Daily Crunch: Samsung's vice chairman receives presidential pardon for bribery conviction





What did you do this week that made you feel alive? Can you do more of that next week? And that concludes our microtherapy session. Now, let's get on with the news.  - Christine and Haje

The TechCrunch Top 3

  • Pardon me: A presidential pardon is restoring Samsung's vice chairman Jay Lee's ability to take the company's helm. Lee had been convicted on bribery charges in 2017, and the pardon will erase it, Kate writes.

  • 5G begets 4G: Yeah, you read that right. Amazon launched AWS Private 5G so companies can build their own 4G networks…for now, Paul writes. This is something that has been in the works since late 2021, and the company said eventually there will be capabilities for 5G networks.

  • Location obliteration: Natasha L explains how Google was fined $40 million by Australia's government, which found the tech giant had misled consumers about its Android location tracking settings.

Startups and VC

A few more highlights:

  • I'd subscribe to that salad: Positive Food raised $7 million in funding as it goes after the $34 billion fresh prepared foods market, reports Christine.

  • Tumbling into a whirlwind: Manish reports that an individual suspected of being a developer of the U.S.-sanctioned crypto anonymizing service Tornado Cash has been arrested. Privacy advocates ain't happy.

  • Time for some zen news: It's a modest Series C, but the Toronto-based maker of the Muse meditation headband raised $9.5 million and is launching new subscription services, Brian reports.

  • Like Slack but top secret: Big among European government clients in particular, the secure messaging app Wire grabs a €24 million Series C round, reports Natasha L.

  • Tune in on August 17: We're hanging out with Ethena's CEO Roxanne Petraeus and Homebrew's Hunter Walk on TechCrunch Live, talking about identifying underserved market segments next week. Set yourself a little reminder - this one's gonna be good.

What does the future look like for e-commerce aggregators?

Man figure consisting of glowing pixels runs through darkness
Man figure consisting of glowing pixels runs through darkness  

Image Credits: iLexx (opens in a new window) / Getty Images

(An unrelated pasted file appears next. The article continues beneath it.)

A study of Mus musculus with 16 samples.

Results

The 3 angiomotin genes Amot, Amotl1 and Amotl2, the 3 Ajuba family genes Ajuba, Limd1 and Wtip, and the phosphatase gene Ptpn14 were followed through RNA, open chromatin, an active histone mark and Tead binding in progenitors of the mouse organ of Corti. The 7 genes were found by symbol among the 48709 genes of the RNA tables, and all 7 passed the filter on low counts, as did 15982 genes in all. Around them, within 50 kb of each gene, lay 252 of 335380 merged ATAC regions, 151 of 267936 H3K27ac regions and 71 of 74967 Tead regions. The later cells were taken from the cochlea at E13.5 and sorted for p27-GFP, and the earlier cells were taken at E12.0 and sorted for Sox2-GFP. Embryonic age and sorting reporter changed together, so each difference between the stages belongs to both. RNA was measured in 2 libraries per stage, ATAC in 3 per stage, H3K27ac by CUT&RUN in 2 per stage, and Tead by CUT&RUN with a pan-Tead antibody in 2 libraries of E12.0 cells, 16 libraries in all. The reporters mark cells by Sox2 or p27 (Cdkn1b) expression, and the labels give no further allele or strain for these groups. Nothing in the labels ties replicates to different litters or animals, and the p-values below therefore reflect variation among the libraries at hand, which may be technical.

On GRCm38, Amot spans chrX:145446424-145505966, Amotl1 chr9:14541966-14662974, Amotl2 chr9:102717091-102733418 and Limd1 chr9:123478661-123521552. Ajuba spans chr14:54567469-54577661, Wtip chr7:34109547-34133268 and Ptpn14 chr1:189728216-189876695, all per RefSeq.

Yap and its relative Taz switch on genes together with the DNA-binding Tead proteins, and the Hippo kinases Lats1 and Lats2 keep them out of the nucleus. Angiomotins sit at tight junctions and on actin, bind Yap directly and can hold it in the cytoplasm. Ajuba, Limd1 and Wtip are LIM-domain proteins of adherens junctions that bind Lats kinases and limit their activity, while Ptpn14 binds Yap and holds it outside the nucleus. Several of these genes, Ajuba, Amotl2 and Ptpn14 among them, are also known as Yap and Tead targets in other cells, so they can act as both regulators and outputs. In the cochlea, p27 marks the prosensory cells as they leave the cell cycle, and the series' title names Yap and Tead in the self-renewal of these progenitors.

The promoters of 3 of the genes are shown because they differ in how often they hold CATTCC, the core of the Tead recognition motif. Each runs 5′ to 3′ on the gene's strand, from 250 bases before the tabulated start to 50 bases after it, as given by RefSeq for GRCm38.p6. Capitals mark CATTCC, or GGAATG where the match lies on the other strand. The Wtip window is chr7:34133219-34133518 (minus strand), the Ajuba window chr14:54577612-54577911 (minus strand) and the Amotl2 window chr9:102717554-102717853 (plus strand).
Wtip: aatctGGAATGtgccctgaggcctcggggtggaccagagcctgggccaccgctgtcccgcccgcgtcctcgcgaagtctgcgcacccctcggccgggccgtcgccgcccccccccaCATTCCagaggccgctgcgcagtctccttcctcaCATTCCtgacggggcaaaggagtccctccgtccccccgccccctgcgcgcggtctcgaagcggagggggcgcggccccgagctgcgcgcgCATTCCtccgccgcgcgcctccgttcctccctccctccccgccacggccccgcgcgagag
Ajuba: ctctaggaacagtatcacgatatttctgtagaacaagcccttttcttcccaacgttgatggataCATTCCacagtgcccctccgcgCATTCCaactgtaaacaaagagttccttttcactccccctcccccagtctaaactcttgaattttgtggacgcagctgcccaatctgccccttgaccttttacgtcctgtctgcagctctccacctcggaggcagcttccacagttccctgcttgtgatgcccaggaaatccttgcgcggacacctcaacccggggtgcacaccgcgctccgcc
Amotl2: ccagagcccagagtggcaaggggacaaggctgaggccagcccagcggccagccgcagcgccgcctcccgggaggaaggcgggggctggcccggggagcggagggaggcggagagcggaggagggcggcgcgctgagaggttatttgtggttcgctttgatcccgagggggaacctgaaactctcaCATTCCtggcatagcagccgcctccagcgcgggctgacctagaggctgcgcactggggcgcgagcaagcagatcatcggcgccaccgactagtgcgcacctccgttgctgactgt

In the video game Katamari Damacy, players control an avatar who rolls a sticky ball that captures anything it touches. The goal: create a sphere large enough to become a star or moon.

E-commerce aggregators work in much the same way by purchasing smaller brands, then optimizing their manufacturing and sales channels to boost market share.

This model was effective in a prevaccine era when consumers stopped visiting stores, but is the brand-rollup model still viable today?

"Decreased consumer confidence, inflated brand value and a freeze in investment capital are creating a perfect storm," says David Wright, co-founder and CEO of e-commerce accelerator Pattern. "Unless aggregators change how they operate, their future is bleak at best and nonexistent at worst."

(TechCrunch+ is our membership program, which helps founders and startup teams get ahead. You can sign up here.)

Big Tech Inc.

Have you seen these ransomware group members? The U.S. government is offering $10 million in exchange for information leading to the identification and location of members of the Russia-based Conti ransomware operative, Carly writes.

Speaking of alleged fraudulent behavior, Manish writes about India's anti-money-laundering agency freezing $46.4 million in assets belonging to Singapore-based crypto exchange Vauld while it looks into the company's business practices.

Meanwhile, Brian looks into what's happening over at Boston Dynamics after being acquired by Hyundai in 2020, which includes a new artificial intelligence and robotics institute buoyed by $400 million.

  • Pew study reveals what we've known for a while: That teens are not using Facebook anymore. The study found that Facebook lost like half of its users aged 13-17 since 2015, Amanda reports.

  • You have to spend money to make money: That's what Rivian's leadership is saying anyway. The electric vehicle maker is sticking to its plans to deliver 25,000 vehicles by the end of the year, but it is going to have to burn through $700 million to do so, Harri reports.

  • Your neighbor just got interesting or creepy, not sure which yet: If you've ever wanted to see what happens on other people's Ring doorbells, MGM, which is owned by Amazon, is prepared to make you happy, Amanda writes.

  • Friday features: Let's take a stroll through some new app features, shall we? Aisha reports on Instacart's new feature for really hungry but also indecisive customers, and she explores LinkedIn's new creator tools designed to better share visual content. Meanwhile, Google is updating the search quality of its "featured snippets," Taylor writes.